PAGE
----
Prioritizing Clients During a Natural Disaster

As a construction professional, your services are in demand during a natural disaster.  Here are few tips for prioritizing your clients. priority article

As soon as Hurricane Matthew made its way to the U.S. earlier this week, panic sunk in for many home and business owners.  Roofing and general contractors have been inundated with calls, covering everything from the concerned clients in the middle of a project to the concerned citizen who wants to make sure their property is safe.  And that’s just the beginning.  Once the Hurricane has rolled through, repairs and reconstruction will be in order for much of the southeastern coastal areas of U.S.

With the high demand and clients being in desperate need, it can be nearly impossible to get to everyone at once.  Unless you have idle crews waiting around (not in this labor pool), you are bound to have a few anxious clients, many of which you will need to put on hold.  This is not only a challenging process, but it can be stressful for both the contractor and client.

Here are few simple ways to help prioritize customers in high-demand and desperate times such as natural disasters, while still maintaining professional and courteous customer service:

  1. Listen – In many cases, the customer just wants to be heard. Take the time to listen to all of their concerns prior to attempting to alleviate them.  Validating their concerns and expressing that you understand their perspective is important in building communication and having their understanding when you explain your services and the projected timeline.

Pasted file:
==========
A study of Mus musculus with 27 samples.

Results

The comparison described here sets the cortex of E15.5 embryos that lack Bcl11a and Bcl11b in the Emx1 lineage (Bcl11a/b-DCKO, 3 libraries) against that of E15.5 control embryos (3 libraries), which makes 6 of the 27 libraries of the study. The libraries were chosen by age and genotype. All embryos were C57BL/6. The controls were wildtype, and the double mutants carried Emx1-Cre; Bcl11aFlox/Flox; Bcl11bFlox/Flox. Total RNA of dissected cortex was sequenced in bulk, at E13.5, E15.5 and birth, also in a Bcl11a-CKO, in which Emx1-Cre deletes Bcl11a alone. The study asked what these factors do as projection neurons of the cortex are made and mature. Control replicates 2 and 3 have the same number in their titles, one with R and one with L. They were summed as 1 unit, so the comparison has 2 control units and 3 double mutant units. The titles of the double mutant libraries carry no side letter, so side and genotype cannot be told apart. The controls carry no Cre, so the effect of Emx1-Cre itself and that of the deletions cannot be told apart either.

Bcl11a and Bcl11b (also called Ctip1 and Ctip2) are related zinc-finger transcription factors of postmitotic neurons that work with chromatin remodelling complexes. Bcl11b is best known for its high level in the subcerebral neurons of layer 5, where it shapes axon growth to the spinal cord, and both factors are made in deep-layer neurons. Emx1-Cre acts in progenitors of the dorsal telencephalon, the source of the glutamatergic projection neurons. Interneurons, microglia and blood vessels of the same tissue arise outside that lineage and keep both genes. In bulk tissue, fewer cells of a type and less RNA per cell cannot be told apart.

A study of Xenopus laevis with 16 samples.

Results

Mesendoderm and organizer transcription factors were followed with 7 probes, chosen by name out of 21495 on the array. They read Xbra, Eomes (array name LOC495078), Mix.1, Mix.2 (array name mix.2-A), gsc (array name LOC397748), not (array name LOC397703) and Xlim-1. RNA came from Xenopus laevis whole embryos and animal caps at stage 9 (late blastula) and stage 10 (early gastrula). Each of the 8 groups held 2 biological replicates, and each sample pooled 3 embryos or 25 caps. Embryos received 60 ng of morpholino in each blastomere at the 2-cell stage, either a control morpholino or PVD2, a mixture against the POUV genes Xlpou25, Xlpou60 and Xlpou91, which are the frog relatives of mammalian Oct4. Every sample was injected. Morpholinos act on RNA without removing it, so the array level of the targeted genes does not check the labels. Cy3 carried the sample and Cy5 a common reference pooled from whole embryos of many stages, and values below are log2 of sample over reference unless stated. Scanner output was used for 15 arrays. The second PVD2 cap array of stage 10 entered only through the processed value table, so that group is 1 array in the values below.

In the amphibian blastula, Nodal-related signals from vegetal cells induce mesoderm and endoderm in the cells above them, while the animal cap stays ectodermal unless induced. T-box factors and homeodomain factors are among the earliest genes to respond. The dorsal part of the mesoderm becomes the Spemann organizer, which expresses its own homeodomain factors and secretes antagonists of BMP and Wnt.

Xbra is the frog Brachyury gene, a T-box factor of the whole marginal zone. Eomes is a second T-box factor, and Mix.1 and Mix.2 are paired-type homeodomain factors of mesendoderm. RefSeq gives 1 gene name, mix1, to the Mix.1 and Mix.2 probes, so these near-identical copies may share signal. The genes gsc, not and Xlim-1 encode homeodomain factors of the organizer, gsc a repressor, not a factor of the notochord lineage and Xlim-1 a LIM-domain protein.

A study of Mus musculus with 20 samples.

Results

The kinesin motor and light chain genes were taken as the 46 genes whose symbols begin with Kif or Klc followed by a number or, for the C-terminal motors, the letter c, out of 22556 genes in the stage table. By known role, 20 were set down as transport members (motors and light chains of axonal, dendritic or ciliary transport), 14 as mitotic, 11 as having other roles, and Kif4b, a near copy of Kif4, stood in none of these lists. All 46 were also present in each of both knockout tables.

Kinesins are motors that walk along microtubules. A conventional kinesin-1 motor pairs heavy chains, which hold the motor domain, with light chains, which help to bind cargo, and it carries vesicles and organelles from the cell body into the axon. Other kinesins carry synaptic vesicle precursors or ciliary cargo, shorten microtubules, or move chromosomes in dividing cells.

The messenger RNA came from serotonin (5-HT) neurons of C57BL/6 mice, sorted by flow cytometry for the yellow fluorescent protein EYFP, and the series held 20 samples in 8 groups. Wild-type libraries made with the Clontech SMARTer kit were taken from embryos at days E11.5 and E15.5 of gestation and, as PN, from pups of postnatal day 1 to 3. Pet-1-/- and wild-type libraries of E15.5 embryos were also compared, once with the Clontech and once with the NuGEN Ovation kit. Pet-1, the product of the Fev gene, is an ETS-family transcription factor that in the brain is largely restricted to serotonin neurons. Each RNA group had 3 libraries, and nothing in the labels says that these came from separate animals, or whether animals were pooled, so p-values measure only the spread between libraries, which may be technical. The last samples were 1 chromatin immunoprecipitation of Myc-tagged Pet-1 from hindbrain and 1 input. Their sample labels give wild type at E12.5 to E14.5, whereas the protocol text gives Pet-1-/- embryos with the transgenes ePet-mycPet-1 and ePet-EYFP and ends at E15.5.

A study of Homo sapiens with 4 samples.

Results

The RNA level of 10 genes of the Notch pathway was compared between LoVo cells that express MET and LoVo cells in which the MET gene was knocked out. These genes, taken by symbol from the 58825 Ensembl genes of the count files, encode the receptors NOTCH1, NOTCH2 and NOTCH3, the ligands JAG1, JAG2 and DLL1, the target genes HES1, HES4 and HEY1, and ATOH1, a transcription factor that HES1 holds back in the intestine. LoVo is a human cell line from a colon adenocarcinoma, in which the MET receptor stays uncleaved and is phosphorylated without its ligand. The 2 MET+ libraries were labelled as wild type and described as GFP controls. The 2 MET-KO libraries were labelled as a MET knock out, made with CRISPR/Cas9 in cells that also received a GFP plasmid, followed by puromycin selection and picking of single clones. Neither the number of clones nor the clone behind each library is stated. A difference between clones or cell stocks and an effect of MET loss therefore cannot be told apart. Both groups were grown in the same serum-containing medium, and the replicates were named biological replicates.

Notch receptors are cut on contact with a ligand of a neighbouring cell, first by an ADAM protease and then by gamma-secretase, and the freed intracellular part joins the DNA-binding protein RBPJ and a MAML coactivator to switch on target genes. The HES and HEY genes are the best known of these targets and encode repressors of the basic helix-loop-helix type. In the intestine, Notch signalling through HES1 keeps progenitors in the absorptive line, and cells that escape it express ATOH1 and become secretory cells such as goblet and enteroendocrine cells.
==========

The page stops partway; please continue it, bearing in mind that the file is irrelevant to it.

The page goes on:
2. Know Your Clients – In an ideal world, all clients would be created equal. The truth is that some of your clients will be higher maintenance or have certain expectations based on the services you have provided in the past.  Additionally, some clients have larger projects, histories, referrals and billings with your company.  Create a list of the top ten clients that your team should know of proper response time and how they should be worked into the schedule.
  3. Be Proactive – Don’t wait for the calls to come to you. Maintaining healthy and regular communication with your clients will go a long way in situations where demand is high.  Getting ahead of the storm and contacting clients in advance will allow you to alleviate anxiety, as well as supply realistic expectations should an immediate need arise as anticipated.
  4. Get Your SOP Ready – Natural disaster or not, your business should have Standard Operating Procedures (SOP) in place for everything from evaluating job sites to handling clients. Don’t leave it up to your employees to figure out the best way to handle an irate or angry client.  Have an accessible SOP to which they can refer; it will give your team the confidence needed to work with clients in stressful situations knowing that they are following company guidelines.
  5. Know Your Value – Your time is valuable, and you must be realistic with what you can provide a client and how effectively you can help them in a given situation. In intense situations such as natural disasters, anxiety is high and can lead to receiving unrealistic and even irrational requests.  Hold your ground and be a steady resource for customers.  Do not expend too much energy or time with a customer with whom you are not seeing eye-to-eye.  Remember that your time is valuable and should be used with customers and situations where you can effectively and professionally provide your services.

Having more requests and open jobs scheduled than you can handle will be overwhelming.  By setting realistic expectations for clients and organized timelines that can be effectively met, you will have both satisfied clients and productive crews.  By hearing your clients out and prioritizing them based on how you can best meet their needs, you will ride out the storm surge of business and come out better on the other side.